High levels of radon, an odorless, natural gas that can increase an individual's lung cancer risk, have been found again in at least three areas of Crofton Junior High School.
"Our recommendation is certainly not to panic, but to take action in a reasonable amount of time," said Michael Boyd, a health physicist with the federal Environmental Protection Agency.
"I am concerned," said parent Joyce Everitt, whose daughter is one of 720 students at the 8-year-old school. "I'm concerned that if they take all the children out of school, where would they put them? I just don't know. I have mixed emotions.
"What else can I do?," she asked. "I don't want to take her out of school. I don't know which is worse."
The test results were released yesterday by school Supervisor of Operations Robert Reese, who said crews will be following federal Environmental Protection Agency standards to lower the radon levels.
The retest was required after tests last year showed the school on Davidsonville Road in Crofton was the only one in the county with levels of the colorless gas above federal standards.
The EPA's Boyd said his agency's standards recommend that radon levels be less than 4.0, to reduce the risks of lung cancer associated with extensive exposure to radon. Results of 4.1 have been calculated by the EPA to be equal to smoking 10 cigarettes daily over a 70-year life span.
Reese said two areas in the school's Math Department and the right side of the media center were found to have radon levels ranging from 4.3 to 6.1 -- well above EPA guidelines.
"We have done a complete and thorough recalculation," Reese said. "We will begin mitigation and abatement efforts that include checking for cracks where the slab and wall meet and sealing them.
"That's where we can get openings (where radon can leak in). That's the area we are talking about for corking. The purpose of the mitigation work is to find the problem areas and correct it. The work orders have been issued and work is commencing."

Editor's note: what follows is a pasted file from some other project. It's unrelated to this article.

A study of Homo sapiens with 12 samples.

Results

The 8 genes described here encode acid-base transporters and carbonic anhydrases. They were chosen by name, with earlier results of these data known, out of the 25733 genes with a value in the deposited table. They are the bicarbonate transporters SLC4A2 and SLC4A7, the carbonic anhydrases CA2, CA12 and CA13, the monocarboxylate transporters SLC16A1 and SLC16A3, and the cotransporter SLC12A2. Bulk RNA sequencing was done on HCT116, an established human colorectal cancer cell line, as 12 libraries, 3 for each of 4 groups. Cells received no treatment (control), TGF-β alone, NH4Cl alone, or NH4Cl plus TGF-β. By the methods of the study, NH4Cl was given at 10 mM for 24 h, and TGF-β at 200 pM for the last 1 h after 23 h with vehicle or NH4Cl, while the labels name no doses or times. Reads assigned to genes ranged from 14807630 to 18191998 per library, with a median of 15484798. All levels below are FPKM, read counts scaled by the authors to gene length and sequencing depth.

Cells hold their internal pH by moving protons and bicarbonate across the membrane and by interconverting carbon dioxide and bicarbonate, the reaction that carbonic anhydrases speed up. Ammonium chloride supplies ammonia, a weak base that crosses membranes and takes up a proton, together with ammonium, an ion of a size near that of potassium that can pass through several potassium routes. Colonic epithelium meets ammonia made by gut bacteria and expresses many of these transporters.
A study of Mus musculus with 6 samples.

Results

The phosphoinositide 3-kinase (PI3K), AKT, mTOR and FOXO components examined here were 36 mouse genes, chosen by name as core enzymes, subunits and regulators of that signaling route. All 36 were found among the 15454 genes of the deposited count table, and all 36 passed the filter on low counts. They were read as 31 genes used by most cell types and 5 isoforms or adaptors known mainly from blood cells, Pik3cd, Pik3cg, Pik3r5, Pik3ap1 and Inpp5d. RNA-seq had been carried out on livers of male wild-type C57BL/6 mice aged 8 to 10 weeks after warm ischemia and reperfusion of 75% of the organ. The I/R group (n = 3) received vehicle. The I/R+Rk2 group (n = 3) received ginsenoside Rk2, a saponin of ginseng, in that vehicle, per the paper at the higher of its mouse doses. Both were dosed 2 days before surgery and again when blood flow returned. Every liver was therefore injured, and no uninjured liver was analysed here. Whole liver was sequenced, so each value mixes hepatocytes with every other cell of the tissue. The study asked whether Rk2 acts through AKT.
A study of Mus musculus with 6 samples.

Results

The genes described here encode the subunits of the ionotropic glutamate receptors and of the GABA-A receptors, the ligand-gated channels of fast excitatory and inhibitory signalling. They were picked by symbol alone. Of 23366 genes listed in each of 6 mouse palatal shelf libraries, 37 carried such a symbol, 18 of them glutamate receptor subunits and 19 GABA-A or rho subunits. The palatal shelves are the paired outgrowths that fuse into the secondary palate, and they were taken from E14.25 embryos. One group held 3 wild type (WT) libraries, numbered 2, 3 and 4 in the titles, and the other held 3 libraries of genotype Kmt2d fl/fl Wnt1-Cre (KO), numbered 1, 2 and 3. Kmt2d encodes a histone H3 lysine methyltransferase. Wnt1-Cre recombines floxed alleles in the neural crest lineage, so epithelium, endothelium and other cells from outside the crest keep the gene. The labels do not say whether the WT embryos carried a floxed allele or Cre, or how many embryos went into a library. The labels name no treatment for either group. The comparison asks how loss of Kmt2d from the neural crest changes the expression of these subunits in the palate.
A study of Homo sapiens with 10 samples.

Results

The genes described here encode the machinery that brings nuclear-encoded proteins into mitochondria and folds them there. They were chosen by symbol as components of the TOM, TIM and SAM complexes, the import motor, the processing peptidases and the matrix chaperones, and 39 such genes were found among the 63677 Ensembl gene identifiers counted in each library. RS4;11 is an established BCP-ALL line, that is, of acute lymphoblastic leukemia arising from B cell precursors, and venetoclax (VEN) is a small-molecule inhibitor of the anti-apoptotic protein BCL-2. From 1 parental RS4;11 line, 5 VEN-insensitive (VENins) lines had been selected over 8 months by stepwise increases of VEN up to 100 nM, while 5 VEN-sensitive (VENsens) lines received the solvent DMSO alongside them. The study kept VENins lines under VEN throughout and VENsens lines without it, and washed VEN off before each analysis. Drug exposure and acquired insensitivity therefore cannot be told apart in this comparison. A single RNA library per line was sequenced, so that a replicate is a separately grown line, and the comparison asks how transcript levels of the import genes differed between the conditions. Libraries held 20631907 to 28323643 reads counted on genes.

Everitt said she is satisfied with updates from school principal Stanley Christy obtained through the school newsletter and during her frequent visits, but she knows the problem is still on the minds of students.
"They were thinking about a walkout, but I don't think kids at that age can do it," she said. "They don't have the gumption and are afraid of detention and suspension."
A few weeks ago, about 250 Meade Senior students protested conditions at their school, including a leaky roof under repair. School board members promised the building would be checked whenever it rains.
But when it comes to radon gas, correction measures and safe school levels are still a matter for debate. Testing schools for radon is still on a voluntary basis in the state.
The problem also is complicated by a lack of guidelines from the EPA on what to do when high levels are found.
"There is not a person on this earth that can give you an assessment of the risk," Reese said. "My belief is that it is absolutely minimal, based on documentation.
"It would be nice if we had additional and reliable information from the EPA or a data source," he said. "I feel comfortable about the kids using the sites. Long before schools started testing, my house was tested. Today, I have higher levels in my house than there are in the school."